It seems a really obscure 1987 case for a presidential pardon:
Two years of probation and fined $250 Working at an illegal gambling parlor
Is there a political angle to this pardon?
Politics Stack Exchange is a question and answer site for people interested in governments, policies, and political processes. It only takes a minute to sign up.Sign up to join this community
In the USA, a conviction is likely to affect your rights for the rest of your life. This is unlike other countries in which you retain or regain rights after a set period of time.
So, Mr Takumi may have lost the right to vote, own a gun, act as an attorney or a financial advisor. For Takumi, who now works as a tax advisor within the Navajo Nation, this last could be a significant restriction. The only way for him to regain his rights is through a presidential pardon.
The purpose of the pardon was indicated by a White house source:
"Through these full and unconditional pardons, the Federal rights of [Takumi and others], including the right to vote and the right to bear arms, have been fully restored, Today, they are once again full and equal citizens under the law."
It is precisely because this was an obscure and ancient case that was having a disproportionate affect on an individual that the President granted a pardon. There does not appear to be a political angle.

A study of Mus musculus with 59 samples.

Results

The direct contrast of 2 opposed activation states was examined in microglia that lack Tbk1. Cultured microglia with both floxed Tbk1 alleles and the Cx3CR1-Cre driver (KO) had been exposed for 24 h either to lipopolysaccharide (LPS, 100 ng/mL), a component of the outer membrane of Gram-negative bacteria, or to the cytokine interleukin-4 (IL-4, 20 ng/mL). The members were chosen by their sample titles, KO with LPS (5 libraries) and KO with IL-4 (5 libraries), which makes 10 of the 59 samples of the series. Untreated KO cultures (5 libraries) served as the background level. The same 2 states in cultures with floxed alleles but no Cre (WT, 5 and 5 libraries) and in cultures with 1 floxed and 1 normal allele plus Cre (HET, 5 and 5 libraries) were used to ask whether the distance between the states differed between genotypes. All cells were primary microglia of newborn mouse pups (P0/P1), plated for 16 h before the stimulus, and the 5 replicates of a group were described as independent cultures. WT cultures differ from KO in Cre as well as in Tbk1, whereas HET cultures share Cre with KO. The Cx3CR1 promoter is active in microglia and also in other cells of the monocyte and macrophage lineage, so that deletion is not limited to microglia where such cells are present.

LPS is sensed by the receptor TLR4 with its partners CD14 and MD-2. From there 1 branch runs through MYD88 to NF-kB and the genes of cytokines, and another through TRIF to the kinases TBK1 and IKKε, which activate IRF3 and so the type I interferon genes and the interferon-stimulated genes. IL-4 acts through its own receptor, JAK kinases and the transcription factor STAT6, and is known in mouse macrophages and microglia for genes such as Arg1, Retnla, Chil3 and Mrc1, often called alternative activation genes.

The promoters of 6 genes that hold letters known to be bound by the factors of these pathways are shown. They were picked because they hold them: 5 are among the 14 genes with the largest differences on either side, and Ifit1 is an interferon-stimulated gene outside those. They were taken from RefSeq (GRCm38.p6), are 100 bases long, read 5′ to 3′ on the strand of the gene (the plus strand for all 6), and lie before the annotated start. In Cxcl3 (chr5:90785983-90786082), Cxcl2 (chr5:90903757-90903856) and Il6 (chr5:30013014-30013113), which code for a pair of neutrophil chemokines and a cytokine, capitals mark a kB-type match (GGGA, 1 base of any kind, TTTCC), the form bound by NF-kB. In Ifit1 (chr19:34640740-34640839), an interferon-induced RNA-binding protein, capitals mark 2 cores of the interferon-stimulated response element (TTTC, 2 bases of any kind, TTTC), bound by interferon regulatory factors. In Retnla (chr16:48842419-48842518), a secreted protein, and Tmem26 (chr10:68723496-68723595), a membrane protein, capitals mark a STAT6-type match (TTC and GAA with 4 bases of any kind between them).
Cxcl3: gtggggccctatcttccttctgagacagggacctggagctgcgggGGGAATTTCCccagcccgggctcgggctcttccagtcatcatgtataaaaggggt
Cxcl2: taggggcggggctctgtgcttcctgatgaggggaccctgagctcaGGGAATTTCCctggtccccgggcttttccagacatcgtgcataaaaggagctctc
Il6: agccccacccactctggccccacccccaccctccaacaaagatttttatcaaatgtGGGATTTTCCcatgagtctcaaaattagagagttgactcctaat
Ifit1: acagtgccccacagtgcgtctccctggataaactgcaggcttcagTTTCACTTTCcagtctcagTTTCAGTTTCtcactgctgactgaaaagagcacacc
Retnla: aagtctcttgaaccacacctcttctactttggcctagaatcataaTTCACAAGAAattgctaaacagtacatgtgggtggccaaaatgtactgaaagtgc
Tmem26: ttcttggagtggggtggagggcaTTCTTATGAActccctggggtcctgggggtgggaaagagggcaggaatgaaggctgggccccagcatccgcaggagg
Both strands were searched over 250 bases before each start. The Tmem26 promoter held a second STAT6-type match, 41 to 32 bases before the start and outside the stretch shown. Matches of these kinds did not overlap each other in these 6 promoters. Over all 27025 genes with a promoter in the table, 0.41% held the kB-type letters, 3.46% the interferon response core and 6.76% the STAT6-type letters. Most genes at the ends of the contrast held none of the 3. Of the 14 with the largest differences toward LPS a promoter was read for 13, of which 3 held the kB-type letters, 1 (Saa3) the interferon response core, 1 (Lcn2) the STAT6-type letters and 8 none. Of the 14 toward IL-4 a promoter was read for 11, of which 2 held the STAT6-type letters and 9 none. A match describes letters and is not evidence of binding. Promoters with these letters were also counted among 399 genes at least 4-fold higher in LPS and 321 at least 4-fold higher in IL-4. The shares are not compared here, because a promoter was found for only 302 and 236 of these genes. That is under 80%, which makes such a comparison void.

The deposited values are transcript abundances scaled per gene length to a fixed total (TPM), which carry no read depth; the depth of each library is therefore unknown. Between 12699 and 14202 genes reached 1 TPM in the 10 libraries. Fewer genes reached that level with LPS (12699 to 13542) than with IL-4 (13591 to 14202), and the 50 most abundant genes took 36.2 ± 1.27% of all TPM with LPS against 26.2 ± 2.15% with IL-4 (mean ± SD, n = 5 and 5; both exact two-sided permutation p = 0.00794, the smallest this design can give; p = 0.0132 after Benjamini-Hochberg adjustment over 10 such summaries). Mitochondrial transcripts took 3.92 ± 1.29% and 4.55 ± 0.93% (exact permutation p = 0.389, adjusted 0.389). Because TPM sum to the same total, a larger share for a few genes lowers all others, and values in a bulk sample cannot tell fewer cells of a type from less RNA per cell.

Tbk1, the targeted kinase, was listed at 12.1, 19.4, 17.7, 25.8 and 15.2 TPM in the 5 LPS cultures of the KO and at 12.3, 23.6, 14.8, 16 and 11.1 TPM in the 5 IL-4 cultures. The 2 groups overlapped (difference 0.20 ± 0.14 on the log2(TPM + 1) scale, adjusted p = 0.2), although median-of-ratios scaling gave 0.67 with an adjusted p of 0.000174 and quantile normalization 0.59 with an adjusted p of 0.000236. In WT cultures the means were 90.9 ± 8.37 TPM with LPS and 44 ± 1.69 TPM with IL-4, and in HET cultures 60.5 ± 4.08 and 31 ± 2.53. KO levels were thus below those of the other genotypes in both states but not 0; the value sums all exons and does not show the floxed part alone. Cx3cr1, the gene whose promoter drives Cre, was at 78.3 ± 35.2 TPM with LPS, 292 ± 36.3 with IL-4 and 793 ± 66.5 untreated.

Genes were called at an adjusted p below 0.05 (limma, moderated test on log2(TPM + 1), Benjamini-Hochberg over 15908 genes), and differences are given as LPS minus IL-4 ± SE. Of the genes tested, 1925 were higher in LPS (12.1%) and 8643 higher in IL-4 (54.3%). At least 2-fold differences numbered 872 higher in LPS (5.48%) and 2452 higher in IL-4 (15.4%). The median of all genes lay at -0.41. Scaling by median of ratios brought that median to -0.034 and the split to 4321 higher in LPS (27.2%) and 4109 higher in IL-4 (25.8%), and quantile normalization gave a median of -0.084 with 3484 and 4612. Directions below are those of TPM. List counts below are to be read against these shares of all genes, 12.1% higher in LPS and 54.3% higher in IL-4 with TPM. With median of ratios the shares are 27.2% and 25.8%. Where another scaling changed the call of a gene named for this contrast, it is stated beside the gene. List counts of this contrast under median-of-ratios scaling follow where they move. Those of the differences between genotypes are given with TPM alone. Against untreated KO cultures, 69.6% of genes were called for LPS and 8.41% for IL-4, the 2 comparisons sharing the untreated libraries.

Well, it's not incredibly clear what may have been the main reason(s) in this case, but I disagree there's no political angle whatsoever, as asserted in the other answer.
Trump has already established a pattern of pardoning minority members apparently as a way to ingratiate himself politically with minorities, e.g.
On Wednesday, June 7, President Donald Trump commuted the life sentence of Alice Johnson, 63, who was convicted for a first-time, nonviolent drug offense. [...]
Trump already posthumously pardoned the black boxer Jack Johnson, convicted for driving a white woman companion across state lines [...]
Trump even told reporters today that he’s considering pardoning Muhammad Ali, a prospective offer met by the Ali family’s lawyer with an enlightened response that there is no pardon to give. While Ali was convicted in 1967 of draft dodging after refusing to report to fight in the Vietnam War, the Supreme Court unanimously overturned that conviction in 1971, making Trump’s offer moot.
Presidents have always used pardons as political favors. But Trump’s pardons of both Johnsons (and his offhand pardon offer for Ali) are clearly aimed at gaining approval among black voters. Trump tweeted a picture of himself and Kardashian West, who has a massive black following, after their meeting regarding Alice Johnson. Trump could not be more explicit that his relationship with Kim’s husband Kanye bolsters his credibility among black voters.
It's less clear to me how important politically the Navajo Nation is to Trump (compared to African Americans), but interestingly his administration has been in a couple of disputes with the Navajo Nation, one involving the Bears Ears monument, regarding which according to LA Times
Trump opted to shrink the monument to about 200,000 acres, potentially opening hundreds of thousands of acres to mining operations
and another on the planned closure of an agency (still) dealing with a 1974 relocation of Navajo families.
The fact that Trump pardoned a member of the Navajo Nation in this larger context may be entirely coincidental... or not. Unlike in the Johnson (or other African American) case(s), Trump hasn't tried to overtly exploit politically his pardon of Takumi, as far I can tell.